Vail Daily column: Spice speech with a salty tang?
Sick of political slurs? Offended by presidential contenders’ blistering attacks, sullying each other’s reputations?
What vintage Popeye the Sailor’s cartoons called “salty talk” will continue until the presidential election day. The Wall Street Journal reports “the exchange of biting assaults from the two most unpopular presidential nominees since polling began made plain that the fall campaign is unlikely to be fought over policy or programs. Rather, both sides appear intent to persuade the voters the alternative is simply unfit for office” (“Candidates Ramp Up Intensity of Attacks,” Aug. 26, 2016).
Donald Trump and Hillary Clinton sound as if they’re deaf to biblical instruction. “Let your speech,” declares the Apostle Paul, “always be gracious, seasoned with salt, so that you may know how you ought to answer everyone” (Colossians 4:6).
Trump sounds raunchy, inferring what’s below the belt rivals his large hand-size. Using the nickname “Pocahontas” for Elizabeth Warren, he denigrates her Native American heritage claim. The Donald salts his attacks, exposing “Lyin’ Ted Cruz.” He snarls at his opponent, lashing out at “Crooked Hillary.”
Trump’s retorts encourage supporters who are intoxicated by his outbursts that ridicule what’s politically correct. Trump’s uncouth slams, mixed with ignorance about foreign policy, don’t upset his voting base. They endorse insulting opponents. Put-downs are considered funny or clever. Violent threats are what real guys shout. Trump’s shock-jock verbal swagger keeps him from backing down. He’s proud of “sticking to his guns, no matter what.”
In biblical times, salty talk consisted of cultivating decent conversation, not slamming adversaries. Then the art of spicing conversation with salty metaphors meant that a speaker mastered precise language and respected those with whom he or she differed.
Salt was precious in biblical culture. Today, our conversation evokes salts worth long ago. We spice what’s said with language that’s not spiteful, unkind or derogatory.
“Salary” is derived from the Latin root for “salt” because Roman soldiers salted away their pay to buy some of this spice. We commend salt of the earth people who are dependable and kind. If a coin collection is worth its salt, then you know the hobbyist owns rare and pricey money.
Donald Trump’s 1950s verbal twin, Wisconsin’s Republican Senator Joseph McCarthy, erupted with accusatory barbs when he tried to rid the U.S. of “communist sympathizers.” He insinuated our military had a Russian heart hidden under its red-white-and-blue colors.
McCarthy, with his swarthy complexion, know-it-all sneer and oafish conduct, offended Joseph N. Welch (1890-1960), chief counsel for the U.S. Army. On June 9, 1954, at McCarthy’s congressional hearings, the self-righteous Republican senator led a crusade to exterminate communist sympathizers. Welch called him out for harsh condemnations that crossed bounds of decorum and fairness.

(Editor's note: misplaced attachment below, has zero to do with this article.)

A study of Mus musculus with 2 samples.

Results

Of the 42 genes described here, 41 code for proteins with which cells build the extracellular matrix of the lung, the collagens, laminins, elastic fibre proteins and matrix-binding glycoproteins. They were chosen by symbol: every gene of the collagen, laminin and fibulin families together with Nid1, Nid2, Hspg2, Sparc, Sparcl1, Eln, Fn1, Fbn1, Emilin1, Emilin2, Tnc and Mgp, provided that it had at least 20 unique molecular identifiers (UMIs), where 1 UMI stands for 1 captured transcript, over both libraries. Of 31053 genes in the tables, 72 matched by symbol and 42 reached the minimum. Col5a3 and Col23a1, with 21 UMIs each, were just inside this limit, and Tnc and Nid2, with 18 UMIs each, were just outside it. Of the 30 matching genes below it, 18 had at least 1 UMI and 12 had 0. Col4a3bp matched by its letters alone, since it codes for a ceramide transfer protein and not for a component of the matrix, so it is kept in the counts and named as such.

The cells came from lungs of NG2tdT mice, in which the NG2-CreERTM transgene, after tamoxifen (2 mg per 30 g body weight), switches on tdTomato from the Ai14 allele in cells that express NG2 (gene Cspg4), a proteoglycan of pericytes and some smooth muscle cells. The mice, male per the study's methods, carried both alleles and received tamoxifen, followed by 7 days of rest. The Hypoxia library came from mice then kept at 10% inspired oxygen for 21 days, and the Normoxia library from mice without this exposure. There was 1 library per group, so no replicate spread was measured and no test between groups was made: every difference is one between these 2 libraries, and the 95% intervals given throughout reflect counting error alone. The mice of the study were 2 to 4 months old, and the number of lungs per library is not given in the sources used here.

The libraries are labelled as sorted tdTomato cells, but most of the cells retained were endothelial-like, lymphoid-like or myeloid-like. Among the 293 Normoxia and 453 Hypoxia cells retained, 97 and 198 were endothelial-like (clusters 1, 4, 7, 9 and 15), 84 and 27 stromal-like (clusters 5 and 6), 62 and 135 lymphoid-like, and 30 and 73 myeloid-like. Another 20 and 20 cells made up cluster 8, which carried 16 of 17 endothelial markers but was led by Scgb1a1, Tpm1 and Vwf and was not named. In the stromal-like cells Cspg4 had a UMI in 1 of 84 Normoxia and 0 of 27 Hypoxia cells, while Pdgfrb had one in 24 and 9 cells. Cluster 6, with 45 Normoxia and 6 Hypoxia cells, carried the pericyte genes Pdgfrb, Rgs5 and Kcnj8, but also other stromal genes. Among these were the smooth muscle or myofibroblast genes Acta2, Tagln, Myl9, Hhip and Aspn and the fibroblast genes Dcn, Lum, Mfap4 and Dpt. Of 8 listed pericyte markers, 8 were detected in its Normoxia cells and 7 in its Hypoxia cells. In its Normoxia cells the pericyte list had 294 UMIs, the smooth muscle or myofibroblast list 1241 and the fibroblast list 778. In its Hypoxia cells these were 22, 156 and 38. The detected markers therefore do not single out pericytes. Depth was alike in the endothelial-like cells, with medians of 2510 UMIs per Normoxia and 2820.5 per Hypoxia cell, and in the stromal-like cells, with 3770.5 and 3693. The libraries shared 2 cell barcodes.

“At long last, have you no sense of decency?” asked Welch, who glared at McCarthy. This salient question, worth its weight in salt, toppled McCarthy’s power and crippled his Red-baiting witchhunt.
Does Trump lack presidential communication skills? Does he sound like a Wrestle Mania brawler, instead?
In contrast, the grandson of Thomas Jefferson described his grandfather’s conversational technique: “If anyone expressed a decided opinion differing from his own,” TJ “made no reply, but changed the subject.”
Nasty arguments seldom change opponents’ convictions. They make adversaries angrier. Cruel retorts wound enraged listeners. Jefferson rejected verbal bullying as a waste of time.
He modeled decent conversation at Monticello’s dinner table, sending ripples of goodwill around the room.
“Jefferson imagined Monticello to be a place where the ‘natural aristocrat,’ the living embodiment of civilization’s progress, would hold court, showing how enlightened republicans [well-spoken, mannerly citizens] could overcome their barbarous natures and transcend conflict” (Most Blessed of the Patriarch’s: Thomas Jefferson and the Empire of Imagination by Annette Gordon-Reed and Peter S. Onuf, 2016).
Replace mean politics by restoring manners. “Mean” covers two definitions: “nasty” and “run-of-the mill.” Trump fits both definitions of “mean” — he insults and sounds brutish.
Listen to Judith Martin, also known as Miss Manners in the 1980s, who wrote about using words that cultivate friendships. Well-bred and well-spoken citizens show “… respect for the individual,” wrote Martin, “regardless of his or her origin. Good manners in America are about helping strangers. They’re also about judging people on their qualities rather than on their backgrounds. These are principles worked out by our Founding Fathers to assure the dignity of the individual and to keep society nonhierarchical.”
Support political candidates who salt speech with conversation that respects differing opinions rather than resorting to verbal cheap shots to get votes.
The Rev. Dr. Jack R. Van Ens is a Presbyterian minister who heads the nonprofit, tax exempt Creative Growth Ministries (www.thelivinghistory.com), which enhances Christian worship through dynamic storytelling and dramatic presentations aimed to make God’s history come alive.